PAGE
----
About 0901 central day light time on August 31, 1988, Delta Airlines flight DL1141 crashed shortly after lifting off from runway 18L at the Dallas-Fort Worth International Airport Texas.
The airplane, a Boeing 727 -232 , U. S. Registry N473DA, was a regularly scheduled passenger flight and was en route to Salt Lake City ,Utah, with 101 passengers and 7 crew members .
Delta Airlines flight DL1141 crew reported that the take off roll appeared to be normal in all aspects, with no warning lights, audible warnings , or unusual engine instrument conditions .
The captain stated that the rotation was initially normal , but as the main gear wherels left the ground he heard “two explosions.” He said it felt as though the air plane was experiencing “reverse thrust.”
The captain of Delta Airlines flight DL1141 stated that the airplane began to “roll violently. “
Delta Airlines flight DL1141 struck the instrument landing system (ILS) localizer antenna array approximately 1,000 feet beyond the end of runway 18L , and came to rest about 3,200 feet beyond the departure end of the runway.
The flight was airborne approximately from lift off to the first ground impact near the ILS localizer antenna. The airplane was destroyed by impact forces and the post crash fire.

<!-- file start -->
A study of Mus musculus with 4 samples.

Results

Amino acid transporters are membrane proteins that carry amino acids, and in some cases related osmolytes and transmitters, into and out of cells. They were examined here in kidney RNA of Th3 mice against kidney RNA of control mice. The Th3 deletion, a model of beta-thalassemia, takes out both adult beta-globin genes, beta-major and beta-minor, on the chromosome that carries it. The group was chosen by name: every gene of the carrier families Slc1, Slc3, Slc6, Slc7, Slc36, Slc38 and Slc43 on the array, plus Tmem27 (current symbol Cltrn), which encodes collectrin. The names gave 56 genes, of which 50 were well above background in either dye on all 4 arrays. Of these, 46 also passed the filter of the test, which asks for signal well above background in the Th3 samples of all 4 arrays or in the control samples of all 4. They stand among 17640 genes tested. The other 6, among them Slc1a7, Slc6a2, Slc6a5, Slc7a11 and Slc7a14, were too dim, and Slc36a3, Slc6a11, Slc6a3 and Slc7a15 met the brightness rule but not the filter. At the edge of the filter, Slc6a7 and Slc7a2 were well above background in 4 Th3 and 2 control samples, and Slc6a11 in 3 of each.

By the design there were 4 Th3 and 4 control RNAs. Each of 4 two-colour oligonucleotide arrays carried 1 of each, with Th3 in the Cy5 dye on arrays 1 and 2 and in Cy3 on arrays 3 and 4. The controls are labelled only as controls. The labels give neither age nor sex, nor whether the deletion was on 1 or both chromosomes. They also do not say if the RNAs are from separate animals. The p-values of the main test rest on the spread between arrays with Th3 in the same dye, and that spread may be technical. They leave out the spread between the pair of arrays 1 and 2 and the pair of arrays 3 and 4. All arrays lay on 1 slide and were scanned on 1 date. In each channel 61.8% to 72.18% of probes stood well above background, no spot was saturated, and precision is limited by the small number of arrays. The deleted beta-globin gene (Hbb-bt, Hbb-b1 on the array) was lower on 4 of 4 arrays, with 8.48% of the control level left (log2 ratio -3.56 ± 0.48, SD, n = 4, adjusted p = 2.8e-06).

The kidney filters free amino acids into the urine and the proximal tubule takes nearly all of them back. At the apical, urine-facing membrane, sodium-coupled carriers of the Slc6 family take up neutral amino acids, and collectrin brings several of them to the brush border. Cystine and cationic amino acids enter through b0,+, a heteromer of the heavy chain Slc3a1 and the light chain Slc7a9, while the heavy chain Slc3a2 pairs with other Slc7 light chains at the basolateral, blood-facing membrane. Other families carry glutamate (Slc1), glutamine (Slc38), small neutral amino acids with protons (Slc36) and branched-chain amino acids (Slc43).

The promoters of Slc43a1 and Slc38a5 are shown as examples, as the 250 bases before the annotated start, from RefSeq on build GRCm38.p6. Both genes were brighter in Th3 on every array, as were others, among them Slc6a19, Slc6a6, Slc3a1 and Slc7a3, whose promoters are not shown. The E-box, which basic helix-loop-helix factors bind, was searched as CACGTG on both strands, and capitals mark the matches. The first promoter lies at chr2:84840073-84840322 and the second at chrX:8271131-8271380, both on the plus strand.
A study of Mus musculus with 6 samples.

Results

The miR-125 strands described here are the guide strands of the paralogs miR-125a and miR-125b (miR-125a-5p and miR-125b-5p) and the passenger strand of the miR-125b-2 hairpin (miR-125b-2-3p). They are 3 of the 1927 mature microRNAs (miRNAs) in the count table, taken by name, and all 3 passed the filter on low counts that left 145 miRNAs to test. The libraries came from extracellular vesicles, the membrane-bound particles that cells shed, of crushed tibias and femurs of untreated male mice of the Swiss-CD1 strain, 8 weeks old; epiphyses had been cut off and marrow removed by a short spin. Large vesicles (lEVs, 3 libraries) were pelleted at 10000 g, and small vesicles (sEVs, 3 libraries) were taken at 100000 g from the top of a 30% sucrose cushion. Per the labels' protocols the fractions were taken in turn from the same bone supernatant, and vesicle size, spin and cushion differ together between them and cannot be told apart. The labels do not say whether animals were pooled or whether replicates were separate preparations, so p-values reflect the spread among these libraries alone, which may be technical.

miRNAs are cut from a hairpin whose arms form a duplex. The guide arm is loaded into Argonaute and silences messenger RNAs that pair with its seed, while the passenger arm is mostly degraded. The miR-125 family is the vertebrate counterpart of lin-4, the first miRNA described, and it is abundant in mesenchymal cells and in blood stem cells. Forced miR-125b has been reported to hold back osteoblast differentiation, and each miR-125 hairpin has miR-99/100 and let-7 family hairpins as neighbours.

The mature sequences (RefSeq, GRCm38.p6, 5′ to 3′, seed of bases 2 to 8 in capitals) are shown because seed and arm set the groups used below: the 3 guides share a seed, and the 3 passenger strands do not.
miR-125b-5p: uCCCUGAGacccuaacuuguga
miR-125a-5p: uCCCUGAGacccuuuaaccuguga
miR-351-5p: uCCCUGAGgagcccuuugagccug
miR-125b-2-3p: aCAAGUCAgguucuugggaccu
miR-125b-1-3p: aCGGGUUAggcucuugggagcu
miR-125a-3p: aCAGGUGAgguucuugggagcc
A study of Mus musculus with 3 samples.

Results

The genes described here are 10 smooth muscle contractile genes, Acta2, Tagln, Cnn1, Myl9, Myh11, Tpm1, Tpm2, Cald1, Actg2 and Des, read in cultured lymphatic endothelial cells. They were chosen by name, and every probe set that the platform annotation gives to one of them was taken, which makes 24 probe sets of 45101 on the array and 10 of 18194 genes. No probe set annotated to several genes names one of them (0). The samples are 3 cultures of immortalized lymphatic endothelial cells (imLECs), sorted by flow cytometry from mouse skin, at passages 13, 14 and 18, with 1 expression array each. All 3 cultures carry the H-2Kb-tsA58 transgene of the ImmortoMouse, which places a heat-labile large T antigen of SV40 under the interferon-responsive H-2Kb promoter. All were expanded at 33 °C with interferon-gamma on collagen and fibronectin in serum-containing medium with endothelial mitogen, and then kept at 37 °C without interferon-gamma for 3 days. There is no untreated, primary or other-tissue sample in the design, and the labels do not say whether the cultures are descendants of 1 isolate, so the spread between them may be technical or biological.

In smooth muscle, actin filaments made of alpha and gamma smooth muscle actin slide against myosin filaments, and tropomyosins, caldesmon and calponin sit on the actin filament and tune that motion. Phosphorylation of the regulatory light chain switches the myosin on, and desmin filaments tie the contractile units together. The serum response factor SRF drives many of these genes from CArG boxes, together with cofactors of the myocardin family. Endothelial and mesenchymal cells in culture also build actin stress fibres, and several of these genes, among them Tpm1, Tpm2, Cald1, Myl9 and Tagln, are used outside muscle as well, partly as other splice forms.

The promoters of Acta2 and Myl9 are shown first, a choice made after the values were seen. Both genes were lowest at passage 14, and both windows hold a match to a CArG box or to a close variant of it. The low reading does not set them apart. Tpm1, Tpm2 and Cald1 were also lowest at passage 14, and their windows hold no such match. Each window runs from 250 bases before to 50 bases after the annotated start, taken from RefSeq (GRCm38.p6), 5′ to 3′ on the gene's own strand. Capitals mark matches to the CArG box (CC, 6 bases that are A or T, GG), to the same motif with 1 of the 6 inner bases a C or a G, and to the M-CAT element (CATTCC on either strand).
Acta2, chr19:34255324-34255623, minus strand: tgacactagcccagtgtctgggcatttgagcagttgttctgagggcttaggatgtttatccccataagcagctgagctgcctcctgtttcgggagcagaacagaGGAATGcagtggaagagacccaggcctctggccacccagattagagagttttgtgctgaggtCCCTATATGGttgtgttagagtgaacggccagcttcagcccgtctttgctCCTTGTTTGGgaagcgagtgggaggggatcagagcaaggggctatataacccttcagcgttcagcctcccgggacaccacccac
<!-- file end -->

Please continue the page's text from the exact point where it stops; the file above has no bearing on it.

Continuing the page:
Of the persons on boardDelta Airlines flight DL1141 , 14 passengers and 2 crew members were killed , 21 passengers and 5 crew members were seriously injured ,and 68 passengers sustained minor or no injuries.
The National Transportation Safety Board determines that the probable cause of this accident to be
- the Captain and First Officer’s inadequate cockpit discipline which resulted in the flight crew’s attempt to take off without the wing flaps ands slats properly configured ; and
- the failure of the take off configuration warning system to alert the crew that the airplane was not properly configured for the take off.
Contributing to the accident was Delta’s slow implementation of necessary modifications to its operating procedures, manuals, checklists, training, and crew checking programs which was necessitated by significant changes in the airline following rapid growth and merger.
Also contributing to the accident was the lack of sufficiently aggressive action by the FAA to have known deficiencies corrected by Delta and the lack of sufficient accountability with in the FAA’s air carrier inspection process.